All the highs and lows of having a bossy, protective, and loving older sibling are depicted in this heartwarming picture book by a critically acclaimed author and award-winning illustrator. Meet Lee, a little boy who won’t give up until he learns how to sew, and Zora, the sister who watches him try–and ultimately succeed!
“I know big sisters. Zora, the boss, she’s mine,” explains Lee as he and Zora head to the library, where Mrs. C is teaching the children how to sew. Though Zora sews a beautiful flower on her cloth square, little Lee makes a mess out of the half-moon he is trying to stitch. That night, when he can’t sleep, he gives sewing another try…and succeeds, even mending the hole in his pants pocket! The next morning, he sneaks into Zora’s room and sews the ear back on Bess, her stuffed bear. When Zora discovers Bess, she wraps Lee in her special big sister hug–for just a moment–and then is back to being the boss once again. An acclaimed author and a Coretta Scott King-John Steptoe Award-winning illustrator create a funny, oh-so-true portrait of a brother and sister’s relationship in this winning picture book.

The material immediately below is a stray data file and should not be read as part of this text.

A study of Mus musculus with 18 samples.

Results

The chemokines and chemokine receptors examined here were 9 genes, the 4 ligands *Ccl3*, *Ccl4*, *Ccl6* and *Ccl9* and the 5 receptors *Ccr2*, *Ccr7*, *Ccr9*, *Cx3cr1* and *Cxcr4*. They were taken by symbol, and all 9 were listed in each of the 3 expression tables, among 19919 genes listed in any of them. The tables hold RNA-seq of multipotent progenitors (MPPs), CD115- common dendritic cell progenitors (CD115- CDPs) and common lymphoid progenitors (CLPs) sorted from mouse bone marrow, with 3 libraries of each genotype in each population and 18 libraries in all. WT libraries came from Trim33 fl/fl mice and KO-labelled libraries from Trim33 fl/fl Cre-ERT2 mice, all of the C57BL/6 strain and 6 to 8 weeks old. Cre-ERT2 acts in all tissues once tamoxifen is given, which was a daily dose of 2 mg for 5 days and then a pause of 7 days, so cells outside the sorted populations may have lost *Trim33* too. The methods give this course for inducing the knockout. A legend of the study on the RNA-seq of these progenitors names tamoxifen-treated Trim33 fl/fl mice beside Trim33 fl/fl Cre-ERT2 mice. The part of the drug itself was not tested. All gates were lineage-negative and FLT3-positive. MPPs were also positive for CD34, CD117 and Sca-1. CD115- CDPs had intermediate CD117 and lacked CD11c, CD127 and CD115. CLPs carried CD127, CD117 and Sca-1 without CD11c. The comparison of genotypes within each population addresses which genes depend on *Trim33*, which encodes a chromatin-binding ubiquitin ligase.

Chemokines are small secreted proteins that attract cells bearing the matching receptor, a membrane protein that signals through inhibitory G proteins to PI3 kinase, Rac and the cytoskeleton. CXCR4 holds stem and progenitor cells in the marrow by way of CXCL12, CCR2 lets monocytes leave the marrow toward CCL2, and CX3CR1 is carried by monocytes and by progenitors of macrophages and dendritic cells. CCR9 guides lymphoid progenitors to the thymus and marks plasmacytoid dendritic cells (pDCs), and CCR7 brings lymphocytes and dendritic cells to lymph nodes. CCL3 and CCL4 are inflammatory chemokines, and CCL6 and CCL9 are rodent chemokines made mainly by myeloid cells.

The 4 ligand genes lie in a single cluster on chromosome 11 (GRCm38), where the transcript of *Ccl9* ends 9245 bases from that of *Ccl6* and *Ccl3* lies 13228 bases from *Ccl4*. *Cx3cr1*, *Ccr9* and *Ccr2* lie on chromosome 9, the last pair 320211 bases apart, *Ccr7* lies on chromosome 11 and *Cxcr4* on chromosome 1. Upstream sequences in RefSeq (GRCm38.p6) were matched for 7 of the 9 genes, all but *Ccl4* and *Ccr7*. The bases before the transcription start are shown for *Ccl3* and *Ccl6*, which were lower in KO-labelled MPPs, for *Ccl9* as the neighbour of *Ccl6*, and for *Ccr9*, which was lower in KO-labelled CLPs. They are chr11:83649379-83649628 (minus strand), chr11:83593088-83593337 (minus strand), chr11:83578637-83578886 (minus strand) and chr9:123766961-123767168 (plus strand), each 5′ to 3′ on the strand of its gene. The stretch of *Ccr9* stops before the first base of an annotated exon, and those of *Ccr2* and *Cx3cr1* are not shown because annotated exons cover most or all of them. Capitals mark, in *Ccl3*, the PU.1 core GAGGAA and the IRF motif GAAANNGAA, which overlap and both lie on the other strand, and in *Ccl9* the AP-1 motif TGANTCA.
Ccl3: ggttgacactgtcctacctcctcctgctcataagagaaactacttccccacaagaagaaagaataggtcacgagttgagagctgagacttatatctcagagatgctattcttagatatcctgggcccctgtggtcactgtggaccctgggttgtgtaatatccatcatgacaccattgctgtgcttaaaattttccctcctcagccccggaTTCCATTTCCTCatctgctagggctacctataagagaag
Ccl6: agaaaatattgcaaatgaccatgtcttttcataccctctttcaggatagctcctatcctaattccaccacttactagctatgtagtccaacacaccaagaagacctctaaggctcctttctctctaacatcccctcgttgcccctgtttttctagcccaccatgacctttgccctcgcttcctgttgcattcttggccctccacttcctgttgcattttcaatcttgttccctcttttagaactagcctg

Michelle Edwards is the author of numerous picture books, including A Hat for Mrs. Goldman, which received four starred reviews and was hailed as “heartwarming” by the New York Times. Her other titles include Chicken Man, winner of the National Jewish Book Award; Max Makes a Cake, illustrated by Charles Santoso; and Room for the Baby, illustrated by Jana Christy. A lifelong knitter, Michelle has also written an adult title, A Knitter’s Home Companion. She lives in Iowa City, Iowa. Visit her at michelledwards.com.
April Harrison, a renowned folk artist, is the Coretta Scott King-John Steptoe New Talent Award-winning illustrator of Patricia C. McKissack’s final picture book, What Is Given from the Heart, which received four starred reviews and which the New York Times Book Review called an “exquisite story of generosity.” Most recently, she illustrated Alicia D. William’s Shirley Chisholm Dared, as well as Tricia Elam Walker’s Nana Akua Goes to School, which also received four starred reviews. Her work appears in the public collections of Vanderbilt University, Virginia Commonwealth University Medical Center, the Atlanta Housing Authority, and the Erskine University Museum and in many private collections. April lives in South Carolina. Visit her at april-harrison.com.